Within the spectrum of healthcare, “Caregiver” could mean many things. For the sake of the conversation today, we’re talking about the individuals who walk alongside patients within the care continuum to help them manage their conditions, get them to and from appointments, and basically support a loved one or friend in their healthcare journey. This oft overlooked persona in medicine is someone of great importance because they become an extension of the care team. Where Home Health Services and many post-acute care providers leave off, a caregiver picks up: doling out medication, spotting PT exercises, coordinating referral appointments, and picking up the phone when something just isn’t right. It’s difficult enough for these types of providers to stay connected in the current climate of interoperability (still favoring acute and inpatient providers) but considering how we can loop in caregivers to honor the critical role they play in patients’ lives is an opportunity we simply can’t ignore as healthcare IT vendors.
Caregivers Augment the Care Team
Given the challenges around scaling and obtaining consistent reimbursement for healthcare services that meet patients where they are – in a home, in a facility, or otherwise – it is no wonder that readmissions and ED visits persist, driving up costs and frustrating patients and their doctors alike. No one wants to see someone doing worse than the last time they were seen. But we seem to overlook the natural “eyes and ears” of caregivers, who are organically and often front and center with patients in ways that providers (even Home Health) aren’t.
Redefining Care Teams to Make Connectivity More Practical
It seems that the healthcare industry has, at times, forgotten the intention behind things like HIPAA, clinging ever so tightly on the restrictions and in doing so forsaking some of the potential benefit. The idea is that data is portable…it moves. Obviously, security and consent matter, but where simple, secure connectivity solutions exist, there needs to be fewer barriers to expanding this “need to know” access to the relevant people who impact outcomes. And, controversial or not, that should include caregivers.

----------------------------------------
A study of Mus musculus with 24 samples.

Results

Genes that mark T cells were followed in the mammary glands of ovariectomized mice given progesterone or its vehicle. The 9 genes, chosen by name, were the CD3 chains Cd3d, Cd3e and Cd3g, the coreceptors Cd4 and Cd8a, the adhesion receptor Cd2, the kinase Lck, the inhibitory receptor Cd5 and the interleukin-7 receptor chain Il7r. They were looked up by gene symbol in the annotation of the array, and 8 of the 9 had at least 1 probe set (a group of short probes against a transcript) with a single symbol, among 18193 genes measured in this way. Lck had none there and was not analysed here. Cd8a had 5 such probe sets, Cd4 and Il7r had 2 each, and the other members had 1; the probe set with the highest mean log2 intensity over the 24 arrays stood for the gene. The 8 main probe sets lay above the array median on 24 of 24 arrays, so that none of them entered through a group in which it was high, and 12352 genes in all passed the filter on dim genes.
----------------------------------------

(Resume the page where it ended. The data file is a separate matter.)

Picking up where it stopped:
We’ve shared before that improving connectivity in Home Health has a myriad of benefits (including cost and outcomes), so imagine if we brought caregivers into the folds of that communication! What would happen, for example, if we knew sooner that patients were not complying with treatment plans and could potentially intervene with modified plans and/or mental health support? How much money and pain could we save if someone truly attuned to a patient could flag a provider, signaling “something’s off” to prevent an ED visit and get on top of drug interactions or additional therapy needed. And this doesn’t even scratch the surface in terms of how capitalizing on someone already invested in the patient can help facilitate a bridge to traverse the social and economic factors that absolutely impact care delivery and outcomes.
Changing Demographics Require Innovative Approaches to Care Delivery
The Silver Tsumani is real, and an increasingly aged population means we have to think about healthcare delivery and healthcare communication differently. We can’t make overly-sexy solutions that will preclude utilization by older folks who just don’t use technology the same way that IT folks do. Nor can we assume that patients have the same capacity to remember or manage all the details of increasingly complex care plans to address multiple chronic conditions and comorbidities. It’s hard and we’re all exhausted. Sharing the load with Caregivers to enhance the patient experience while bolstering the provider’s plans, via better healthcare communication for these roles, can temper some of the challenges ahead of us and cultivate more than a Care Team…it’s a Care Community.